Google Bulletin: What the Heck Is It?

There has been a flurry (or frenzy) of activity at Google My Business this year. A host of new tools and capabilities were rolled out over the course of 2017. Collectively they reflect the emphasis and investment that Google is making in local, as Mike Blumenthal pointed out on our webinar yesterday.

Today Google teased a new service called Bulletin. It’s an app intended to help people tell “local stories” (a broader category than “news”), “by capturing photos, video clips and text right from your phone, published straight to the web.” Right now Google is only making the closed beta available in Nashville, TN and Oakland, CA.

The company envisions this as a way to contribute “hyperlocal stories about your community, for your community, right from your phone.” Google puts specific emphasis on “inspiring stories that aren’t being told.”

Google hasn’t  indicated whether there will be a “Bulletin” site or network. It has said that stories will be distributed and discovered through “Google search, through social networks, or via links sent by email and messaging apps.”

So what is Google trying to do? And will it “work?”

Taking the second question first: Google has a global network of more than 50 million Local Guides who are contributing reviews, images and content (business information) to Google Maps. So it has already proven that it can crowdsource content at scale. Indeed, some of the same people could become local Bulletin contributors, assuming the program expands.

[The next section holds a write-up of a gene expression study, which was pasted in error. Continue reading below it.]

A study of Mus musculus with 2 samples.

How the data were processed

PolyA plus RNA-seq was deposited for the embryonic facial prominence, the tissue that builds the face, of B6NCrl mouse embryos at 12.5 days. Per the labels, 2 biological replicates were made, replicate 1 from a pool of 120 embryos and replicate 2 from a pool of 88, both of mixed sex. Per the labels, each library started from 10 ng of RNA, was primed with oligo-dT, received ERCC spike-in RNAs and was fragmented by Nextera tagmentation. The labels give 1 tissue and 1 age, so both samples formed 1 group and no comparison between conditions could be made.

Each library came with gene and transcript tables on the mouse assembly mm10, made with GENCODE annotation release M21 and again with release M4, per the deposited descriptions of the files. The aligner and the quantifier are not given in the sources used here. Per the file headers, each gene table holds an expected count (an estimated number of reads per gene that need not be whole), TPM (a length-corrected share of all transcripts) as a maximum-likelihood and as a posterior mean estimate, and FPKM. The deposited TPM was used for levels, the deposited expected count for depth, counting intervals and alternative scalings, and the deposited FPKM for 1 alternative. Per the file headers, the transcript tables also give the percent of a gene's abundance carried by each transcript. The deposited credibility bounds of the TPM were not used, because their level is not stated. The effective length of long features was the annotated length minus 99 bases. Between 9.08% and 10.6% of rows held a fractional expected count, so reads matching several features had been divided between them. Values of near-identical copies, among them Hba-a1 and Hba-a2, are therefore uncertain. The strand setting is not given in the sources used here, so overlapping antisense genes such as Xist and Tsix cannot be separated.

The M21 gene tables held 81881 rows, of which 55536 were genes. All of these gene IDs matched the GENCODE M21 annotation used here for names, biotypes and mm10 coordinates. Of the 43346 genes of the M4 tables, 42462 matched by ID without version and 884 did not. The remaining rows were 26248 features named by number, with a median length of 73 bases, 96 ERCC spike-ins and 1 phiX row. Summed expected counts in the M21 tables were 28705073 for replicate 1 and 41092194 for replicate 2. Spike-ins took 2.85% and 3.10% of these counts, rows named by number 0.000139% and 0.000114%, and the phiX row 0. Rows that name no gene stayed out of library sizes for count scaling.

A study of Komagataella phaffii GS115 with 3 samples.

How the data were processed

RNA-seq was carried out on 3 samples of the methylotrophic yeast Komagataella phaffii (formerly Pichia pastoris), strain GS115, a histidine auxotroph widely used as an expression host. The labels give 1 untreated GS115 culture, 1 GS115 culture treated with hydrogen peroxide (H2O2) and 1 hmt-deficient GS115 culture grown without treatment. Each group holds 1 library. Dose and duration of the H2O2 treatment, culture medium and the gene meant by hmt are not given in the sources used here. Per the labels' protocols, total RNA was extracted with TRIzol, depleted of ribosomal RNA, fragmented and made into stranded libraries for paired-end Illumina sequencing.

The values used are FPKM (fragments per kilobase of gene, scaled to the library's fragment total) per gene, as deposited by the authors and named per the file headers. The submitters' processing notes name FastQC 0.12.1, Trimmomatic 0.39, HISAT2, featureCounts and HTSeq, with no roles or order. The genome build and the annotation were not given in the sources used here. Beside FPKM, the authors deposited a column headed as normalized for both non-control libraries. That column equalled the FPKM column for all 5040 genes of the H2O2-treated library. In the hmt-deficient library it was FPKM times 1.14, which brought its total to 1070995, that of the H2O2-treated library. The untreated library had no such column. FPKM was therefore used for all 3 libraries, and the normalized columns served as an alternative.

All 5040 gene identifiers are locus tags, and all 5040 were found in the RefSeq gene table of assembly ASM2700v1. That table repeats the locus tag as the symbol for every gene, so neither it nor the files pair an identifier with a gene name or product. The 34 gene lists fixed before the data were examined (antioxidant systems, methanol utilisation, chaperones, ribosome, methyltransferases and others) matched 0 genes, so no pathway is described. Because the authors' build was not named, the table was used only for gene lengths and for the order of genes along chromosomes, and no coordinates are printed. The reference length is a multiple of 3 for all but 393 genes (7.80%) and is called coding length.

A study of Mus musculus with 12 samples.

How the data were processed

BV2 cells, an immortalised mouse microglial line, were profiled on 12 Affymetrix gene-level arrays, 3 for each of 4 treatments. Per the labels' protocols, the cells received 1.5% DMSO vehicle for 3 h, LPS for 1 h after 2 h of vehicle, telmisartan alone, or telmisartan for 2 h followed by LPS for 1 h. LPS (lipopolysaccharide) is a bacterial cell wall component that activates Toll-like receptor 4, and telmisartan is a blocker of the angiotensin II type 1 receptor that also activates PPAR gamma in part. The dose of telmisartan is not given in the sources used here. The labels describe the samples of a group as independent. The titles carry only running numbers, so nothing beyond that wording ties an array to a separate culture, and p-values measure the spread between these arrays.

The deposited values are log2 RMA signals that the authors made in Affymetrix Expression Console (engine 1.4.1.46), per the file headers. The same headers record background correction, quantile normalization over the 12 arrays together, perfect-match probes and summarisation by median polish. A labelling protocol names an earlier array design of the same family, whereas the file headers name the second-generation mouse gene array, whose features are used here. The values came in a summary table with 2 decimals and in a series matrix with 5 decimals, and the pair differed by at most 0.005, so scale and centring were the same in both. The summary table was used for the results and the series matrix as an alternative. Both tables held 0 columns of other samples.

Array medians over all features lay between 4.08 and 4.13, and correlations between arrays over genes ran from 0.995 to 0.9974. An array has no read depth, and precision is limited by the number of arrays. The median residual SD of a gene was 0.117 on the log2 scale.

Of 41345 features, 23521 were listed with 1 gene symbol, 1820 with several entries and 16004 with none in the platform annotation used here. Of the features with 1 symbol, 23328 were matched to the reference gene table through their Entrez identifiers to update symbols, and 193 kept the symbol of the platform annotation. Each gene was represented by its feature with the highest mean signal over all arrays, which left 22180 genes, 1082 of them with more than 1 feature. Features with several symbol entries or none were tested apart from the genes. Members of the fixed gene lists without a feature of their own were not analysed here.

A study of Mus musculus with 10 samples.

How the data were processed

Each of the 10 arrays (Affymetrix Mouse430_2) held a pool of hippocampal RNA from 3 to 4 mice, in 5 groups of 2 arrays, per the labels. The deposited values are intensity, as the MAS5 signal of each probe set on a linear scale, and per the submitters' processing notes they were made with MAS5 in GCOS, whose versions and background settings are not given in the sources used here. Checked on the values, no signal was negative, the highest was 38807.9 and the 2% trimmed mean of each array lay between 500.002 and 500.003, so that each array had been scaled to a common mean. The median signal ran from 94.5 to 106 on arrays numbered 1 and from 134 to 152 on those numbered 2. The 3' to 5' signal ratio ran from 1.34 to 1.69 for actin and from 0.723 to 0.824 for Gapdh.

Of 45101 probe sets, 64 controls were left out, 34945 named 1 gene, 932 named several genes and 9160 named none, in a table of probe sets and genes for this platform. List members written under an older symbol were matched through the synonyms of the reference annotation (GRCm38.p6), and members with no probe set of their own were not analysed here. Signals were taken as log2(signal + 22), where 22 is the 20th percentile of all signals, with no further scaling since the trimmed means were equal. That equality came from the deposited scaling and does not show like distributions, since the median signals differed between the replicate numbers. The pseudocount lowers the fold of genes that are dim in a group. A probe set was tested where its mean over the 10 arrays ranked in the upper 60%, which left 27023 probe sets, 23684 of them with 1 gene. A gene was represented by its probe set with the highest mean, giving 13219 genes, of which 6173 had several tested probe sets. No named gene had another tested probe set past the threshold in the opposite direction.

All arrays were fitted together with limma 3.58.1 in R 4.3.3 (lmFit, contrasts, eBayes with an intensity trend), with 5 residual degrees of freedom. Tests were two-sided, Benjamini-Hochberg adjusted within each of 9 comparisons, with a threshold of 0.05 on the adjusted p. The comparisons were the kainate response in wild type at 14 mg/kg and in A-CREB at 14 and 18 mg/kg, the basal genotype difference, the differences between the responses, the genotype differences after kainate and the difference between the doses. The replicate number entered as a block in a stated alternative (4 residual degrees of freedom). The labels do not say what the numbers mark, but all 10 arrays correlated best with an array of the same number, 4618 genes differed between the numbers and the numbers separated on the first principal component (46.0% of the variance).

I’m not sure Google has a fully worked out strategy for Bulletin. One could see it as part of the larger effort to develop local content, which might then support Google Maps and other initiatives. Some of this content, for example, could show up in Google News under the Local tab.

There are those who will assert this is Google’s effort to develop a Nextdoor competitor. However, it doesn’t immediately appear to be one, but that’s not saying it couldn’t evolve into one.

Nextdoor began as a way for people to share information about local crime and lost pets. It has become a way to ask for local business recommendations and to sell or trade local stuff, a la Craigslist. Penetration is massive across the US; monetization is (to date) less successful. Nextdoor is likely to be acquired; it’s unlikely to go public or be able to survive as a public company — the advertising/revenue problem is too challenging.

By comparison, Google has no need to “monetize” this project. It has the luxury to put Bulletin out into the world and see what comes back. It can then decide whether and how to use the content.

What are your thoughts on what this is and why Google might be launching it?

2 Responses to “Google Bulletin: What the Heck Is It?”

  1. Tim McLain says:

    I’m stumped as to why Nextdoor has not created an API for adtech firms to run hyperlocal campaigns (see Digital Zips from MaxPoint) or a self-service advertising portal to allow local businesses to advertise directly. Their text and image ad formats are simple enough. The market needs a new, innovative player in the local space to drive adoption at the local level.

  2. Greg Sterling says:

    Would guess this kind of thing is on the whiteboard. SMBs do advertise, mostly realtors from my anecdotal observation. More and more national ads with geotargeting (or some perfunctory city mention).